At the time of this story, I was working as a teacher at a small school of about 100 students, all of whom were given laptops. Our principal, "Sue," said the laptops "increased their educational opportunities" -- all well and good, but she failed to also recognize the importance of IT involvement.
At the beginning of the year, Sue handed out the laptops with great fanfare. But she gave no guidelines to staff or students on how to use them, aside from the basics that students should use them responsibly, pay a small insurance fee if they wanted to take them home, and that the faculty and staff would do "random checks."
It was mayhem from the beginning. The security software would not work properly, and was disabled on all computers. Students then had administrator accounts on the laptops -- and no restrictions. Having someone from IT come never happened for some reason.
We found ourselves not only expected to troubleshoot computer problems such as files not saving and printer issues, but also to figure out a way to monitor students' computer use. It was a nightmare.
Even with limited access to the Internet, students could simply log on to a proxy and go anywhere they wanted. They did anything and everything with the laptops.
The students routinely had computer problems, and when we'd take the computer to figure out the problem -- or sometimes even just walked past them in class and glance at the screen -- would discover all sorts of inappropriate and illegal things.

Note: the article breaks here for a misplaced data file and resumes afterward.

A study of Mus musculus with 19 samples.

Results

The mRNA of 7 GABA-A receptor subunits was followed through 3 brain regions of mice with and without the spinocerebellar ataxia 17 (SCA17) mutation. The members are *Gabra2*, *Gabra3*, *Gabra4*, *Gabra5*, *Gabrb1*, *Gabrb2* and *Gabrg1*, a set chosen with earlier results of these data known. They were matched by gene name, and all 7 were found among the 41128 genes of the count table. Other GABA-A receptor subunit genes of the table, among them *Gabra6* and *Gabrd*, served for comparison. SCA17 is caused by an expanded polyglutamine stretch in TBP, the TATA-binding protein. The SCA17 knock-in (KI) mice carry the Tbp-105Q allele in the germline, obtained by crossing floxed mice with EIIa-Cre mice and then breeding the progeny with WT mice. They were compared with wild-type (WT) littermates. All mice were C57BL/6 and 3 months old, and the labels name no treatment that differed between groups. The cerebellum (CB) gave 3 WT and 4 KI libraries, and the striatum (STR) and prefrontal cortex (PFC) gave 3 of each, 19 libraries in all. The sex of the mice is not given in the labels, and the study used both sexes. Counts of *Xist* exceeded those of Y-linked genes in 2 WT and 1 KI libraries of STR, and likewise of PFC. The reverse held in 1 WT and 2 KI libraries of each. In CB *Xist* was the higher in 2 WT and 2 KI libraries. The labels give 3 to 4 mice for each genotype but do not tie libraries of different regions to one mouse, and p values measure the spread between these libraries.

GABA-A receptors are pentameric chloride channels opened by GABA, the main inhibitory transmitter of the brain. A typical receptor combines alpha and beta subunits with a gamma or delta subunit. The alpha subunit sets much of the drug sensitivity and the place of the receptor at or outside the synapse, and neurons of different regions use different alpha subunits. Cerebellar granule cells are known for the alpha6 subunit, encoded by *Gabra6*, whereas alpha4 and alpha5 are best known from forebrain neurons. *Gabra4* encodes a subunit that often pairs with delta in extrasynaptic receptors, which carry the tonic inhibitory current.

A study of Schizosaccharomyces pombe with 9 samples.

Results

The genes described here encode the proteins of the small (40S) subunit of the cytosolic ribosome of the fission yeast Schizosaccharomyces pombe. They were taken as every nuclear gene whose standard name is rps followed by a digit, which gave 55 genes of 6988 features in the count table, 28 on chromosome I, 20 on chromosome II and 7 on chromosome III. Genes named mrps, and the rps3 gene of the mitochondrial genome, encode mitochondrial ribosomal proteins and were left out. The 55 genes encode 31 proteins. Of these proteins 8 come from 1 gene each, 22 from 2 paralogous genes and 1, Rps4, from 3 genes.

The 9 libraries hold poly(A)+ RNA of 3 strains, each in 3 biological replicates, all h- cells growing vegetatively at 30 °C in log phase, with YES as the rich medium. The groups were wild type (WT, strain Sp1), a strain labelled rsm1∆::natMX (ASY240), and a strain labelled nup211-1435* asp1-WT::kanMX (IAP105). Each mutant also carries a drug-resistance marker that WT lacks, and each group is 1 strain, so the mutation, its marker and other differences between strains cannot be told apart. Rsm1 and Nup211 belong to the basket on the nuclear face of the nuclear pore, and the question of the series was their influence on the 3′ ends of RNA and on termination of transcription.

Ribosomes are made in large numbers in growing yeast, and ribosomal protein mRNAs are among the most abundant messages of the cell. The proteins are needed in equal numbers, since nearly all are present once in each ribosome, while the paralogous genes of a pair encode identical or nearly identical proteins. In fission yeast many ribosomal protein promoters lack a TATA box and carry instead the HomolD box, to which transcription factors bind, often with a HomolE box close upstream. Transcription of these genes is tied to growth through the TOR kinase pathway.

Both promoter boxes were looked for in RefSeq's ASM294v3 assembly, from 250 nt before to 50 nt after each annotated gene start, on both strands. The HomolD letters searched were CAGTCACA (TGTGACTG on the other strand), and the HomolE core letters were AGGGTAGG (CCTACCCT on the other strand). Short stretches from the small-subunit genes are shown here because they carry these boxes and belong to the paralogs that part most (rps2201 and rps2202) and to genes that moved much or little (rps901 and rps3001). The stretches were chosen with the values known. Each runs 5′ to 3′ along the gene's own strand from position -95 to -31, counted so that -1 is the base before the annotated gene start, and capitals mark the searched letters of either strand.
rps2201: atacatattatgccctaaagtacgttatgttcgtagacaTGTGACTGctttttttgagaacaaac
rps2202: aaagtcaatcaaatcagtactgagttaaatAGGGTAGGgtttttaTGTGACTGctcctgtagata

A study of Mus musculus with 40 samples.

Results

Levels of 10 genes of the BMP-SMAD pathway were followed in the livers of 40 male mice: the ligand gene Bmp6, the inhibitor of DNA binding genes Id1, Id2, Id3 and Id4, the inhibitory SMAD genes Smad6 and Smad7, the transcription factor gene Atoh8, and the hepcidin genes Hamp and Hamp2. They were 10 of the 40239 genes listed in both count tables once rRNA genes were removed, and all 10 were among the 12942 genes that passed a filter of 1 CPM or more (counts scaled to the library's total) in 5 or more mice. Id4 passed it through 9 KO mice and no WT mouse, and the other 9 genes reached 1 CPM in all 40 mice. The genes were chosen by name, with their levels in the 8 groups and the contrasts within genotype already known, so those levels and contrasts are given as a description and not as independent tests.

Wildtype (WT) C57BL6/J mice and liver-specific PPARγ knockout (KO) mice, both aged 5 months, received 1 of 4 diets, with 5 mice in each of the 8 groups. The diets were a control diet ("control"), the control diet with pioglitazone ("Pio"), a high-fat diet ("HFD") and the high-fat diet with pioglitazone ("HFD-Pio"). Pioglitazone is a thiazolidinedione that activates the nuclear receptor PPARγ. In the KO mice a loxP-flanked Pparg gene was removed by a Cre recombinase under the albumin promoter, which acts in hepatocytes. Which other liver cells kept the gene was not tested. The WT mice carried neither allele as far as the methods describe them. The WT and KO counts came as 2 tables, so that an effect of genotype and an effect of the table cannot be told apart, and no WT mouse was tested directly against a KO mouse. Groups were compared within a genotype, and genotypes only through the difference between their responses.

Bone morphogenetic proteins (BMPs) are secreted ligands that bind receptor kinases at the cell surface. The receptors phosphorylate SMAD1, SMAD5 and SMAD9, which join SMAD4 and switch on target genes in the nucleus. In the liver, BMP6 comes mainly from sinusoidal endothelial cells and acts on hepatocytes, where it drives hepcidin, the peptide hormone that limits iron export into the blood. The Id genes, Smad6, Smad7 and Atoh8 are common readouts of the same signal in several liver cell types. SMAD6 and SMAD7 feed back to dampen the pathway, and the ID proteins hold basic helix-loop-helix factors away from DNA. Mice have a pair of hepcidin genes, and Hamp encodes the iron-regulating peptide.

We found that many were posting personal information onto chat sites, accessing video streaming, and downloading porn onto the computers. We found wallpaper and screensavers with pornographic and drug-related themes, hard drives filled with illegally downloaded music and photos with random subjects non-related to instruction, and Web browsing histories that showed that they were playing games during class time or downloading pirated software. It seemed at times that the only thing keeping them in check at all was teachers looking over their shoulders as they worked in class.
In an attempt to keep the chaos under control even a little, I taught myself to write scripts and batch files that would automate the process of cleaning the computer somewhat when I received it.
It had gotten to the point were I was getting computers brought to my classroom twice a day, interrupting classroom instruction. Other teachers were having similar problems. Consequences for students who misused laptops were few and far between. All we could really do was warn them to stop doing it -- not a very effective method.
The faculty and staff would meet often, trying to figure out how to fix the latest computer problem or how to limit access to inappropriate material.
It was absolute mayhem and, to make it worse, the principal didn't seem to care. All of our fears and recommendations fell on deaf ears. As far as she was concerned, no parents or students had complained and our school looked good because we were giving our students technology opportunities. She still failed to recognize the importance of IT oversight and involvement and never called for assistance because she didn't want to "bother" them.
I ended up leaving the school for a new job, as did others. It's still amazing that no public scandal or other fallout arose.
Sue is still there and, for some reason, still in charge. I've heard rumors that they have new computers now, and the students do not have admin rights. One can only hope the situation got better.
I wonder, how many horror stories like this are out there, and just how pervasive are these kinds of situations?